From Mother Goose in prose by Frank Baum.
Age Rating 4 to 6.


So the next morning he got up early again, and took his gun, and loaded it with bullets made of lead. Then he said to his wife, "What does a drake look like, my love?" "Why," she replied, "it 's much like a duck, only it has a curl on its tail and red on its wing." "All right," he answered, "I 'll bring you home a drake in a short time, and to-day we shall have something better for dinner than pork and beans." When he got to the brook there was nothing in sight, so he sat down on the bank to watch, and again fell fast asleep. Now Johnny Sprigg had missed his little duck, and knew some one had shot it; so he thought this morning he would go the brook and watch for the man who had killed the duck, and make him pay a good price for it. Johnny was a big man, whose head was very bald; therefore he wore a red curly wig to cover his baldness and make him look younger. When he got to the brook he saw no one about, and so he hid in a clump of bushes. After a time the little man woke up, and in looking around for the drake he saw Johnny's red wig sticking out of the top of the bushes.

"That is surely the drake," he thought, "for I can see a curl and something red;" and the next minute "bang!" went the gun, and Johnny Sprigg gave a great yell and jumped out of the bushes. As for his beautiful wig, it was shot right off his head, and fell into the water of the brook a good ten yards away! "What are you trying to do?" he cried, shaking his fist at the little man. "Why, I was only shooting at the drake," replied Jimson; "and I hit it, too, for there it is in the water. "That 's my wig, sir!" said Johnny Sprigg, "and you shall pay for it, or I 'll have the law on you. Are you the man who shot the duck here yesterday morning?" "I am, sir," answered the little man, proud that he had shot something besides a wig. "Well, you shall pay for that also," said Mr. Sprigg; "for it belonged to me, and I 'll have the money or I 'll put you in jail!"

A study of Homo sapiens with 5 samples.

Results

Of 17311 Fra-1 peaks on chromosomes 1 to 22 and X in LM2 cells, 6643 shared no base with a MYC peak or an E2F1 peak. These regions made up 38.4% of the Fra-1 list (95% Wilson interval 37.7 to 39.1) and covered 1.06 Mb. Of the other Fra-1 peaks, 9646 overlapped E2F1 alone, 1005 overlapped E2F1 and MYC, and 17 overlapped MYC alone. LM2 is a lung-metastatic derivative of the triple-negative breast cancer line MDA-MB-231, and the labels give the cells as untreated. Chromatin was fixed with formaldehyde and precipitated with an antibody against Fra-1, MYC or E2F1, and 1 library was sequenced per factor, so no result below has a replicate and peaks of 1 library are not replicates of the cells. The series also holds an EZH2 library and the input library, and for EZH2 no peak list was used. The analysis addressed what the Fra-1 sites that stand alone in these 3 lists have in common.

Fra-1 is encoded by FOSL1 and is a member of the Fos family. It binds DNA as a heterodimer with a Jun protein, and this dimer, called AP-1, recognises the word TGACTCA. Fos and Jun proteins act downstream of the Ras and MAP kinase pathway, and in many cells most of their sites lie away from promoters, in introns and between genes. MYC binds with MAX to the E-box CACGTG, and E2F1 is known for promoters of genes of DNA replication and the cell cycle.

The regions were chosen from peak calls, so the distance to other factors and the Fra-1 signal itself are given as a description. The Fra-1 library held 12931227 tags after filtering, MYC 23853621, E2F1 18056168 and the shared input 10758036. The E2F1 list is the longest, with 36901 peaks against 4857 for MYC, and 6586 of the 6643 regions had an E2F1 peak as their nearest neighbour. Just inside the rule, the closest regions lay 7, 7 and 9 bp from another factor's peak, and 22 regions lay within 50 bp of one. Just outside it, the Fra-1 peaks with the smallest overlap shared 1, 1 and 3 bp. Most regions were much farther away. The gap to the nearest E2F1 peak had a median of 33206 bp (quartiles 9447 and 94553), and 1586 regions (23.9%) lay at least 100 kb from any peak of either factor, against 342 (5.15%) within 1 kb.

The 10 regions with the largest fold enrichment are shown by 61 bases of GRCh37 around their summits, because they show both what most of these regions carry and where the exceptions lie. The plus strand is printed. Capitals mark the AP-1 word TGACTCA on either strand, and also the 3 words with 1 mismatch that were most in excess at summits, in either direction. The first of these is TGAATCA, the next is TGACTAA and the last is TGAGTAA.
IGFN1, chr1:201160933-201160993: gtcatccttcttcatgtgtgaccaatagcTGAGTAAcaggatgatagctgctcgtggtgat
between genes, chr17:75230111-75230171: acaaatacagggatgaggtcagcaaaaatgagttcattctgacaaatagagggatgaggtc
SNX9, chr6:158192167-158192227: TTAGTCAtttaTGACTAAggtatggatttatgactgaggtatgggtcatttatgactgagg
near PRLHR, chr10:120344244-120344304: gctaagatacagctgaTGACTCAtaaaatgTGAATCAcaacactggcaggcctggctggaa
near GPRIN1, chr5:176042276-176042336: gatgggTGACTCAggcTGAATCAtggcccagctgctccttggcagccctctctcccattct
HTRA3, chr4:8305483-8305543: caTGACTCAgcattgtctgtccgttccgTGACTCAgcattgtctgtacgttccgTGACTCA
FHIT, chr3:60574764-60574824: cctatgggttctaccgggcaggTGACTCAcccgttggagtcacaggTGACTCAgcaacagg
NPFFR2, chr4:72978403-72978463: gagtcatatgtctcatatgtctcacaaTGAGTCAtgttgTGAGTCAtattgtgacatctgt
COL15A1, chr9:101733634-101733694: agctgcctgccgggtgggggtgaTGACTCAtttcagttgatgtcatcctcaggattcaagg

The little man did not want to go to jail, so with a heavy heart he paid for the wig and the duck, and then took his way sorrowfully homeward. He did not tell Joan of his meeting with Mr. Sprigg; he only said he could not find a drake. But she knew all about it when the paper came out, for this is what it said on the front page: There was a little man and he had a little gun, And the bullets were made of lead, lead, lead. He shot Johnny Sprigg through the middle of his wig, And knocked it right off from his head, head, head. The little man was so angry at this, and at the laughter of all the men he met, that he traded his gun off for a lawn-mower, and resolved never to go hunting again. He had the little duck he had shot made into a pie, and he and Joan ate it; but he did not enjoy it very much. "This duck cost me twelve dollars," he said to his loving wife, "for that is the sum Johnny Sprigg made me pay; and it 's a very high price for one little duck--do n't you think so, Joan?"